The patient is in respiratory distress, lying in bed, diaphoretic and semiconscious. Each breath she takes requires monumental effort, and that effort isn’t enough to supply her body with enough oxygen to sustain her. Even with the nonrebreather and 10 liters of supplemental 02, her SpO2 is 85%, her lungs are full, her blood pressure 180/100, with a heart rate of 128. Three firefighters are in the room with her; one hands me the paperwork. The rest of us move her from the hospital bed to our stretcher.
She is 61, her name is Kathleen. The report is vague. Included with the interfacility transport page, the patient’s history and medications is the narrative: History of MS, found unresponsive at 0430 hrs., difficulty breathing, sat 80%, BP 160/80, HR 120, resp. 28. EMS called.
The nursing staff is conspicuously absent. The hall is empty—no aides, no dietary technicians, no doctors or visitors. There seems to be nobody home at the nursing home, except for rooms filled with people sleeping or staring at the walls, waiting for something to happen. A few peered at us as we rolled the stretcher past their rooms, no doubt wondering for whom the bell tolled this time, and when it would be their turn to be wheeled out.
This isn’t a fancy place, with privacy, pretty paintings and an abundance of staff. It’s a state-run facility operating with the bare necessities, two patients to a room and one RN for too many patients.
There is a nursing station near the elevator, and there I find somebody, finally. She is alone at the desk, phones ringing, a stack of orders in front of her, nearly overwhelmed. I take a deep breath and assess the situation and, instead of demanding a more cohesive report, simply ask her opinion regarding the patient.
“Good morning. Can you tell me something about Kathleen beside her vital signs?”
She looks up from her reports, leans back in her chair and regards me. It only takes a second, but I know when I’m being sized up. She is ready for confrontation.
“I think she has pneumonia and maybe a UTI. She’s normally talkative and alert. This is highly unusual for her. She wasn’t feeling well when my shift started; she normally asks about my daughter, but she didn’t tonight. Thank you for asking.”
She returns to the mountain of work, we continue on. I have no interaction with the person on my stretcher. She doesn’t know, will never know or ask about my daughter, or I hers. Her life story is a mystery to me, her presence in my life fleeting and soon forgotten. An IV, an EKG that’s unremarkable and a ride to the ER for an evaluation, and that is that. Later I find out she has pneumonia.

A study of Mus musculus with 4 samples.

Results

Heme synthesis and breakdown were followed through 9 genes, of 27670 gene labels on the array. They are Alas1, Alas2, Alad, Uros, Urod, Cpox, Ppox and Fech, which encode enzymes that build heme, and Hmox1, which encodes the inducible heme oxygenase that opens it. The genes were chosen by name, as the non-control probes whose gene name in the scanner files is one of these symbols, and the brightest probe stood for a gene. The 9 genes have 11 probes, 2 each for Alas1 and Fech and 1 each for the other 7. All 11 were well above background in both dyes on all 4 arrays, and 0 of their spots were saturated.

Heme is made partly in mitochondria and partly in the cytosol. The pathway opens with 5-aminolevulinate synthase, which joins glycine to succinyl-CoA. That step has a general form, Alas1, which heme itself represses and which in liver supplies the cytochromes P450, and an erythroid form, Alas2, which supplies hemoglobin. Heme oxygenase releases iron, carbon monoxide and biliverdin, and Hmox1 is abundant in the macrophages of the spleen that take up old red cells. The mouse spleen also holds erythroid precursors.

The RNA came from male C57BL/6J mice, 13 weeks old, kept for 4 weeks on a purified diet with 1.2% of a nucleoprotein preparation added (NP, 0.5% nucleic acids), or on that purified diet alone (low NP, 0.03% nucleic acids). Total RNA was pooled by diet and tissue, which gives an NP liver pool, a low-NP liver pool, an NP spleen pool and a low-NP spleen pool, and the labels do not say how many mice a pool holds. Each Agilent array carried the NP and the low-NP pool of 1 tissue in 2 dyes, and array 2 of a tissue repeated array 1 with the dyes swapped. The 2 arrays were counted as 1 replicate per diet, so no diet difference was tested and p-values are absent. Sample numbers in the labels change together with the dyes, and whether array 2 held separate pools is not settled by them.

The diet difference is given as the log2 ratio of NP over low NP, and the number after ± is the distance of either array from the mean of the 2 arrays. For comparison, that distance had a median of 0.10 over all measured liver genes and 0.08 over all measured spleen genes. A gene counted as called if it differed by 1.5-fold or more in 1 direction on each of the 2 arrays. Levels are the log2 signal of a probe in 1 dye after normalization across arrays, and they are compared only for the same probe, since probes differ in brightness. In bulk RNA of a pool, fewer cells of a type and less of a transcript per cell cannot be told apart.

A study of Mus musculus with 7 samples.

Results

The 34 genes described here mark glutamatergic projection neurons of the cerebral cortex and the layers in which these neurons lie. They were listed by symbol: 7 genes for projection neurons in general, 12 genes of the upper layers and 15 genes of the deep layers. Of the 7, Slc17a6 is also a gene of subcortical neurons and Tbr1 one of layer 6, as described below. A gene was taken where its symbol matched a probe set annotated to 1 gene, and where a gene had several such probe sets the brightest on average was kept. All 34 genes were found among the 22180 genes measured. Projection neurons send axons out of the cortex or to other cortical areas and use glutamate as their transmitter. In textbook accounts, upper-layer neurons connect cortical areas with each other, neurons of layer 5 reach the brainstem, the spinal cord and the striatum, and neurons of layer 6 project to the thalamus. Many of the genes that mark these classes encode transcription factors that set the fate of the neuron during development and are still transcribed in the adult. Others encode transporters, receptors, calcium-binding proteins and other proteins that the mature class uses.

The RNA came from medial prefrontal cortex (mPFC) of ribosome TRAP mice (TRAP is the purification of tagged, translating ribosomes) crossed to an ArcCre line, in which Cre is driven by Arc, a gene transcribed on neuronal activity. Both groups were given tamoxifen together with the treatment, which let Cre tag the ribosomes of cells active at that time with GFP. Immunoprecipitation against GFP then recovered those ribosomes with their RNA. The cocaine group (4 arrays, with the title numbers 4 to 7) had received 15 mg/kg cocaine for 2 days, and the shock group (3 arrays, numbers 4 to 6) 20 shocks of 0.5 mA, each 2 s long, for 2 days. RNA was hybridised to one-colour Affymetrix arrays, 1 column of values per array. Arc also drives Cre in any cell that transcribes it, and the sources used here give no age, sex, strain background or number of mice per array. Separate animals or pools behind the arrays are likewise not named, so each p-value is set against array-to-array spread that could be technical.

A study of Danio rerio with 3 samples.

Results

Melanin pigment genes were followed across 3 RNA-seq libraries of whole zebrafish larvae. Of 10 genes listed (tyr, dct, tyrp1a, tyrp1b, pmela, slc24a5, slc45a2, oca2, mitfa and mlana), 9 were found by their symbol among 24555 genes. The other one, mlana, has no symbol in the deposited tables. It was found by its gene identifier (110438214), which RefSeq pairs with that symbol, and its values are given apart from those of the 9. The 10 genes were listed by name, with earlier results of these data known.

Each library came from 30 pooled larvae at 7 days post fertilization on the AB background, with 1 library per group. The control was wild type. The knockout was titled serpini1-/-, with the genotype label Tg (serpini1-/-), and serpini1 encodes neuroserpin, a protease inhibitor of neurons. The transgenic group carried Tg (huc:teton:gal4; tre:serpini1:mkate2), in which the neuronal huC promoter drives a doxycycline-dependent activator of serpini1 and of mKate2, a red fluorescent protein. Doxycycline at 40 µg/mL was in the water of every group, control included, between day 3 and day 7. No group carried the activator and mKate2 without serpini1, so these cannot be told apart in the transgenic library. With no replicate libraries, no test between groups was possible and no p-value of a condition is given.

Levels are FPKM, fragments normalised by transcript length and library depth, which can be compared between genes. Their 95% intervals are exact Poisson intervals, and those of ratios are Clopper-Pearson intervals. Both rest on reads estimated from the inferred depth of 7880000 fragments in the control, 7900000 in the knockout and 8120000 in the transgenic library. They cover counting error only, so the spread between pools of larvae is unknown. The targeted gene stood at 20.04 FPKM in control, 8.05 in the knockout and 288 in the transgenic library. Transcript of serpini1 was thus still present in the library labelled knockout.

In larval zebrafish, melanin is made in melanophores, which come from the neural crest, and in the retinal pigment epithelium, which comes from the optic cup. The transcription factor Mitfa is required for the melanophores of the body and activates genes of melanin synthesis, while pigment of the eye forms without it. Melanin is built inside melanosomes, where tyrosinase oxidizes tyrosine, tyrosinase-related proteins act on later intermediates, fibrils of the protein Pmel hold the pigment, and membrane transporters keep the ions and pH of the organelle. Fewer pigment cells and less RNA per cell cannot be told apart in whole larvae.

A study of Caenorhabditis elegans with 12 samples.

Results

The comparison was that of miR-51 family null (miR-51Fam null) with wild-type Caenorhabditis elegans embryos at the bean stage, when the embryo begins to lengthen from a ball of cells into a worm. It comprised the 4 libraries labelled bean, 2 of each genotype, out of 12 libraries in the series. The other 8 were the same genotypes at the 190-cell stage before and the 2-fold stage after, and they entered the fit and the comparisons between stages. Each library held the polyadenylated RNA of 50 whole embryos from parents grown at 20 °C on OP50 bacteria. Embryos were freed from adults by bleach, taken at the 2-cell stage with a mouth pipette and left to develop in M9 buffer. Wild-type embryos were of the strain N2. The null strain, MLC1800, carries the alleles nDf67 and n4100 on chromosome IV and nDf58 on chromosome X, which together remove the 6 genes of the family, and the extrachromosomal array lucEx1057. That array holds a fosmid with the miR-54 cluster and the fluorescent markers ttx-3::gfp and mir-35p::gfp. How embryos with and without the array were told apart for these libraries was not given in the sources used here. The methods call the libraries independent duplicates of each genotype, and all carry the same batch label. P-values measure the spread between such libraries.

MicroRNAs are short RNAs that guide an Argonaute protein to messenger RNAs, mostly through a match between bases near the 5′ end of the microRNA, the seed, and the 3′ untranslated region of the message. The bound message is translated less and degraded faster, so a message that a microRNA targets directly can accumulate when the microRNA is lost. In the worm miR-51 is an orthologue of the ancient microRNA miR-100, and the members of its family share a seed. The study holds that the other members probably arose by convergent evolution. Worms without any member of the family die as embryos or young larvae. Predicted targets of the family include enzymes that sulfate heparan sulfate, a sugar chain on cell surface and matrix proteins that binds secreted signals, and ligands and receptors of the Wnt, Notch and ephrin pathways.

In a perfect world nursing homes would be properly staffed and nurses would not be overwhelmed. I hear a lot of people in our field question the competency of the staff at these places. Theirs is a world much different from ours. They know their patients far better than we do. They share their lives with them. We have no idea what it takes to spend eight, 10 or 16 hours with a patient, a week, a year or a lifetime. They do. They will be there for their patient’s final days, or hours, and experience suffering and death time and time again. They offer the people under their care far more than emergency medical treatment. Their input is valuable. I think we may have worn them down by treating them poorly when everything isn’t as we’d like it, and demanding better reports, better documentation, some intervention or, worse, simply ignoring them.
The nurse on duty did the bare minimum, but probably not out of laziness or lack of compassion. She too was trying to survive in a difficult environment. The clues were there, waiting for me to put the puzzle together. I could easily have treated Kathleen for congestive heart failure and subjected her to unnecessary treatment. By simply asking the nurse who knew the patient better than I her opinion in a friendly, nonconfrontational way, I was able to figure out what was wrong and treat the patient accordingly.
As a bonus, I got to feel better about myself by simply treating a colleague with a little respect.
Michael Morse, EMT-C, is captain of Rescue 5 in Providence, RI, and has served on the city’s busiest engine, ladder and rescue squads as a firefighter, rescue technician and lieutenant during his 21-year career. He is the author of the books Rescuing Providenceand Responding.